Night of the Living Deb Movie Review
Written by Joel Harley
Released by Cocksure Entertainment
Directed by Kyle Rankin
Written by Kyle Rankin and Andy Selsor
2015, 85 minutes, Not Yet Rated
Frightfest European Premiere on 29th August 2015
Ray Wise as Frank Waverly
Chris Marquette as Chaz Waverly
Maria Thayer as Deb Clarington
Michael Cassidy as Ryan Waverly
Syd Wilder as Stacy
Brian Sacca as Colonel Newton
Julie Brister as Ruby
Edgar Wright and Simon Pegg have a lot to answer for. While I adored their Shaun of the Dead upon its release and still look back upon it fondly, all these years later, there's no denying that the film's legacy is a slightly dubious one. For every Shaun of the Dead, there's a handful of films like Stag Night of the Dead or Lesbian Vampire Killers, which ignore Shaun's enormous heart and go straight for the laddish humour and slacker heroes at the centre of the thing. And the less said about those films' habit of dumping a great big zombie hand in the middle of the 'A', the better. It doesn't help that zombies are in vogue again anyway, with The Walking Dead and its imitators also doing their bit to saturate the marketplace.
Night of the Living Deb, then. A romantic zombie comedy about a woman (the titular Deb), who, following a one night stand with a drunken hunk, wakes up in the midst of a zombie apocalypse. As Deb and Ryan stumble about the place, not quite aware of what's going on, we're put rather uncomfortably in mind of Shaun of the Dead's earlier scenes, only with a broader, more American sense of humour. Bear with it though, for once you fall into the rhythm of things and get to know and like the characters, there's a lot to enjoy here.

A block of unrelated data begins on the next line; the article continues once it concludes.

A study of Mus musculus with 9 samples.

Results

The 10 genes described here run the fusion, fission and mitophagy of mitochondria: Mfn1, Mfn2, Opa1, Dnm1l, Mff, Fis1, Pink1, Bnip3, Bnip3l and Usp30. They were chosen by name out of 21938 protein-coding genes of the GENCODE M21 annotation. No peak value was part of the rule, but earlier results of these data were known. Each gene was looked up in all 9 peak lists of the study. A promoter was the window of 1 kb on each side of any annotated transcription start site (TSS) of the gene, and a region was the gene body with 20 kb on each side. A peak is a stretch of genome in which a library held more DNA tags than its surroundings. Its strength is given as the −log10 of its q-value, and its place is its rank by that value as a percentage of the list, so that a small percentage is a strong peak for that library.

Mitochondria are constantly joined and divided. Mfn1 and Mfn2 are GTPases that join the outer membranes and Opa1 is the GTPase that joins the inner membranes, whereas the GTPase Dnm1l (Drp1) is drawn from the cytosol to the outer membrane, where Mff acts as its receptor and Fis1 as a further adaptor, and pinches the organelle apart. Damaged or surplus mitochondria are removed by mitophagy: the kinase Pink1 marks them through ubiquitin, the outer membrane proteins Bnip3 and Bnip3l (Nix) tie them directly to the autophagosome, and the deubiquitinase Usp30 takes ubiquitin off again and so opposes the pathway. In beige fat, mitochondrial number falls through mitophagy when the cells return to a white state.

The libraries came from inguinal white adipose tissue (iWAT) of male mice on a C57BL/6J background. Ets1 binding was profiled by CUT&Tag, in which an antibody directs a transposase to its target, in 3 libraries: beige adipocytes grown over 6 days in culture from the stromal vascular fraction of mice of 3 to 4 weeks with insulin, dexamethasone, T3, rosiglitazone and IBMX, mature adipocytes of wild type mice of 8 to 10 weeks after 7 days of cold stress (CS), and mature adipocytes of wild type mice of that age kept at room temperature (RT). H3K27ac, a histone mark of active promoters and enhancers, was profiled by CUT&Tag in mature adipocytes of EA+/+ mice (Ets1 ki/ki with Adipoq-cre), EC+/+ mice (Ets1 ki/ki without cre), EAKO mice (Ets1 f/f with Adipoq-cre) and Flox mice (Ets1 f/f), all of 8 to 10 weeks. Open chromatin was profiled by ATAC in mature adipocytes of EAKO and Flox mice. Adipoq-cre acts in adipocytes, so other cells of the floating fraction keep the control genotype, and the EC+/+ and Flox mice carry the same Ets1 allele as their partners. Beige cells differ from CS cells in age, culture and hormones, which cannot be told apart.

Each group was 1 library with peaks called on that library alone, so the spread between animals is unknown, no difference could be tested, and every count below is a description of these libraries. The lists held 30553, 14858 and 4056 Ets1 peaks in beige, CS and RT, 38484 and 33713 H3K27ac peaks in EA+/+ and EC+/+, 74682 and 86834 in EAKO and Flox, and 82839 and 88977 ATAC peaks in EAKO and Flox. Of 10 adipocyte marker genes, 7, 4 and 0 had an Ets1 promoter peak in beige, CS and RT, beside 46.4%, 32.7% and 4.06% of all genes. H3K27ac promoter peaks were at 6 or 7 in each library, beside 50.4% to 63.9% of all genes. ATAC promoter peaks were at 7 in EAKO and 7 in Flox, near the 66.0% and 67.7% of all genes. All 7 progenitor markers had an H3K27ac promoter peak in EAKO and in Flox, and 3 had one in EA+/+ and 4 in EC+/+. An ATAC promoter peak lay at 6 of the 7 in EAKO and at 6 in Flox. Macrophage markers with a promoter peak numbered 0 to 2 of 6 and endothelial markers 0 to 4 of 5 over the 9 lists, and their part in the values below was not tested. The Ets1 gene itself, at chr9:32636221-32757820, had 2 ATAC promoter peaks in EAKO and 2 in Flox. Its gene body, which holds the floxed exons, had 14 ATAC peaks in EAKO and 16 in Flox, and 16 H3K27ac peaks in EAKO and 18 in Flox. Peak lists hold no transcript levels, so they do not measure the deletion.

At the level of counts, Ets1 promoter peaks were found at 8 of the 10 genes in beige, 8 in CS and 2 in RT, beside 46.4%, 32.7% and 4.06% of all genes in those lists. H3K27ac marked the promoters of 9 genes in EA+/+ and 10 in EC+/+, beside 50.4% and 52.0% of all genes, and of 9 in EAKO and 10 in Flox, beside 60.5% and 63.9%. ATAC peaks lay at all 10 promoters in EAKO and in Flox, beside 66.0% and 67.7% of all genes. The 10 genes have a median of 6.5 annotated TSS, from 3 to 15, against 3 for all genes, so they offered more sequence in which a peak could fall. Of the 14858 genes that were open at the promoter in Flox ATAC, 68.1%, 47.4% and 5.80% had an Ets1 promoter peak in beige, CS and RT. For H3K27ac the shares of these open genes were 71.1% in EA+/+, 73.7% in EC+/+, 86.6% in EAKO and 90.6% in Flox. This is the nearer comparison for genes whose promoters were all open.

Once it escapes from the pitfalls of setting up its characters and story, what emerges is one of the most charming zombie films of all time. Like a cross between The Unbreakable Kimmy Schmidt and, yes, Shaun of the Dead, it's a hard film to dislike. Maria Thayer is perfect in the title role, being funny, vulnerable, likeable and yet slightly annoying all at the same time. Her Deb is a well-written, rounded character with more to her personality than just falling over a lot. It takes a while to get used to the broadness of the comedy (there's no horror aspect to the story) and Thayer's almost incessant hyperactivity, but once you get there, it's a hoot.
The story rarely stretches itself, but that gets you Ray Wise and Chris Marquette as a great father and son duo (they'd be scene stealers, if Thayer wasn't so consistently fantastic) and Syd Wilder as Ryan's monstrous fiancée. Its during the time spent at the Ray Wise family home that we get all the best lines and funniest jokes. Horror fans may bemoan the lack of scares or gore, but Night of the Living Deb doesn't need those things. What it does need is a better love interest for Deb – Ryan being the film's weakest link – but as a showcase for its title character, Night of the Living Deb doesn't disappoint.